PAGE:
Managing User Identities in AWS IAM
The course is part of these learning paths
This course explains how to manage your user identities when using the AWS Identity and Access Management Service, commonly referred to as IAM. We'll be covering users in-depth, so if you're new to IAM and are looking to secure your resources through identity-based management then this is the right course for you!
- Learn the essentials of users within IAM
- Understand how to create, manage, and configure users using security best practices
- Security Engineers
- Security Architects
- Anyone looking to enhance their knowledge of the IAM service in preparation for an AWS Certification
To get the most out of this course, you should already have a basic understanding of AWS IAM and what the service is used for. It would also be advantageous if you had some basic hands-on experience of AWS and some of its core services, but it is not essential.
Hello and welcome to this course where I shall be looking at how to manage your User identities when using the AWS Identity and Access Management Service, commonly referred to as IAM. I shall be looking at Users in depth, so if you are new to IAM and are looking to secure your resources through identity-based management then keep watching!
My name is Stuart Scott, and I am the AWS Content Director here at Cloud Academy. Feel free to connect with me to ask any questions using the details shown on the screen, alternatively, you can always get in touch with us here at Cloud Academy by sending an e-mail to firstname.lastname@example.org where one of our Cloud experts will reply to your question.
The information set out in this course has been designed for those who may be in one of the following roles: an AWS Administrator, Security Engineer, Security Architect, and anyone who is looking to increase their knowledge of the IAM service in preparation for an AWS Certification. By the end of this course you will have a greater understanding of Users within IAM, how to create, manage, and configure them using security best practices. As an intermediate course, you should already have a basic understanding of AWS IAM and what the service is used for. It would also be advantageous if you had some basic hands-on experience of AWS and some of it's core services, but it is not essential.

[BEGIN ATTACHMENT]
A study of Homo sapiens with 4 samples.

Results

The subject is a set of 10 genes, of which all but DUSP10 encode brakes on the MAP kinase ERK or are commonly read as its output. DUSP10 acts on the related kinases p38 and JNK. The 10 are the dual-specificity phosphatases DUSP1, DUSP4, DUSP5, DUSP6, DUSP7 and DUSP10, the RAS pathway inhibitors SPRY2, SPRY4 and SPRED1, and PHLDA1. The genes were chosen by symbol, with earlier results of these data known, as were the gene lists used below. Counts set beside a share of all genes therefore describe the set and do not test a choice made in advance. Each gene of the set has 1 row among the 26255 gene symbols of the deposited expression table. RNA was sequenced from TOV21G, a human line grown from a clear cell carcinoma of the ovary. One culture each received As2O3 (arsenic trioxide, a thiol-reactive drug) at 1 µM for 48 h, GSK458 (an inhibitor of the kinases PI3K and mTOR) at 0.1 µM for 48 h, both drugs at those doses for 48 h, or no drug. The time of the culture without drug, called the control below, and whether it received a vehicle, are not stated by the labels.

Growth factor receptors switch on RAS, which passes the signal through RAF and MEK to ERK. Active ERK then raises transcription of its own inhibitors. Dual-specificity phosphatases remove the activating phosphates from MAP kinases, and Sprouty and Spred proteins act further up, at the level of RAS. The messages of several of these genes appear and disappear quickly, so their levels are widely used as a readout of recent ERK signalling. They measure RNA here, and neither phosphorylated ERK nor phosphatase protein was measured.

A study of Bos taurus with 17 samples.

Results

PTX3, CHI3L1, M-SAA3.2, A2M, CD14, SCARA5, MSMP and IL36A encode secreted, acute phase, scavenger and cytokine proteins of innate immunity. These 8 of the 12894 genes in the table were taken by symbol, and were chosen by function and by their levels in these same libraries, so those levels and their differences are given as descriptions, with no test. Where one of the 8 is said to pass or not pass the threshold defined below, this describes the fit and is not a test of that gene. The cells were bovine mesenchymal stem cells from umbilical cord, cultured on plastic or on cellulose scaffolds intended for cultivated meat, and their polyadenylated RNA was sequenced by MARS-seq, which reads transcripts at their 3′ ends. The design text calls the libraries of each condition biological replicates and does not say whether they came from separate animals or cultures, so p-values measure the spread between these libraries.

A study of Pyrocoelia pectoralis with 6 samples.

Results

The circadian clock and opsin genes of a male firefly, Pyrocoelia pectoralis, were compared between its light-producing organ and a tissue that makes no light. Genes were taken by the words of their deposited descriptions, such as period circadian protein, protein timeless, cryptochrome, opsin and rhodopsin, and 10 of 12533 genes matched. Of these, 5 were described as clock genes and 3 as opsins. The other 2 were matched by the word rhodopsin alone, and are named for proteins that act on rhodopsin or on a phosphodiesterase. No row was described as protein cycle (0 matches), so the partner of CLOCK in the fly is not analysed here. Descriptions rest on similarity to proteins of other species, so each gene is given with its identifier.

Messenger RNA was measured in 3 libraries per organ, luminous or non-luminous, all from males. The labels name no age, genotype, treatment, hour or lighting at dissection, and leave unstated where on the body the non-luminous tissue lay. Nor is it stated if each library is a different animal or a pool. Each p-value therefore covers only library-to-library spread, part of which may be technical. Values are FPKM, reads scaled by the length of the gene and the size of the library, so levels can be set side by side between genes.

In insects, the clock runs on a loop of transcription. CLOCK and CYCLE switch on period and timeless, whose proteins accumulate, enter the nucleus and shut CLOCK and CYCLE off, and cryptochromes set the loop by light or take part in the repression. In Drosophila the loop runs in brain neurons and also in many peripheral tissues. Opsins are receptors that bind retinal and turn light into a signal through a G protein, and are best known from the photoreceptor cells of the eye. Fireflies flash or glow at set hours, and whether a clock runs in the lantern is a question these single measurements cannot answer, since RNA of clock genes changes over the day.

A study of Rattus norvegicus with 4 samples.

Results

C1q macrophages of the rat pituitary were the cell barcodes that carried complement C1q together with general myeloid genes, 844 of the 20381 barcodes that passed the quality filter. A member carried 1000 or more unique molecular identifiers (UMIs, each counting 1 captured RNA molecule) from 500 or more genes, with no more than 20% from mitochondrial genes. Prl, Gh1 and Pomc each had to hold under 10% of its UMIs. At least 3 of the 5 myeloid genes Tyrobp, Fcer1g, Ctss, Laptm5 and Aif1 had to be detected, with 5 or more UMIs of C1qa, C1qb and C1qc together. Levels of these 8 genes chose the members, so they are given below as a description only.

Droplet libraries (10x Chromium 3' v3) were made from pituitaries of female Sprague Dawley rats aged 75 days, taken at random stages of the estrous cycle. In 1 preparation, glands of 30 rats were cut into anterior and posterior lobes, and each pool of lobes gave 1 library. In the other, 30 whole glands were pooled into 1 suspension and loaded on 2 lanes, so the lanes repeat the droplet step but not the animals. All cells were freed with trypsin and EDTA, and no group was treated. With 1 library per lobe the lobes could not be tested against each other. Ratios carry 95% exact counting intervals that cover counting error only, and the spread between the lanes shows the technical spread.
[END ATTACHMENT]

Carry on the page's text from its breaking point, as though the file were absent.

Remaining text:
Feedback on our courses here at Cloud Academy is valuable to both of us as trainers and any students looking to take the same course in the future. If you have any feedback, positive or negative, it would be greatly appreciated if you could contact email@example.com. Please note that, at the time of writing this content, all course information was accurate. AWS implements hundreds of updates every month as part of its ongoing drive to innovate and enhance its services. As a result, minor discrepancies may appear in the course content over time. Here at Cloud Academy, we strive to keep our content up to date in order to provide the best training available. So, if you notice any information that is outdated, please contact firstname.lastname@example.org. And this will allow us to update the course during its next release cycle. Thank you!
Stuart has been working within the IT industry for two decades covering a huge range of topic areas and technologies, from data center and network infrastructure design, to cloud architecture and implementation.
To date, Stuart has created 150+ courses relating to Cloud reaching over 180,000 students, mostly within the AWS category and with a heavy focus on security and compliance.
Stuart is a member of the AWS Community Builders Program for his contributions towards AWS.
He is AWS certified and accredited in addition to being a published author covering topics across the AWS landscape.
In January 2016 Stuart was awarded ‘Expert of the Year Award 2015’ from Experts Exchange for his knowledge share within cloud services to the community.
Stuart enjoys writing about cloud technologies and you will find many of his articles within our blog pages.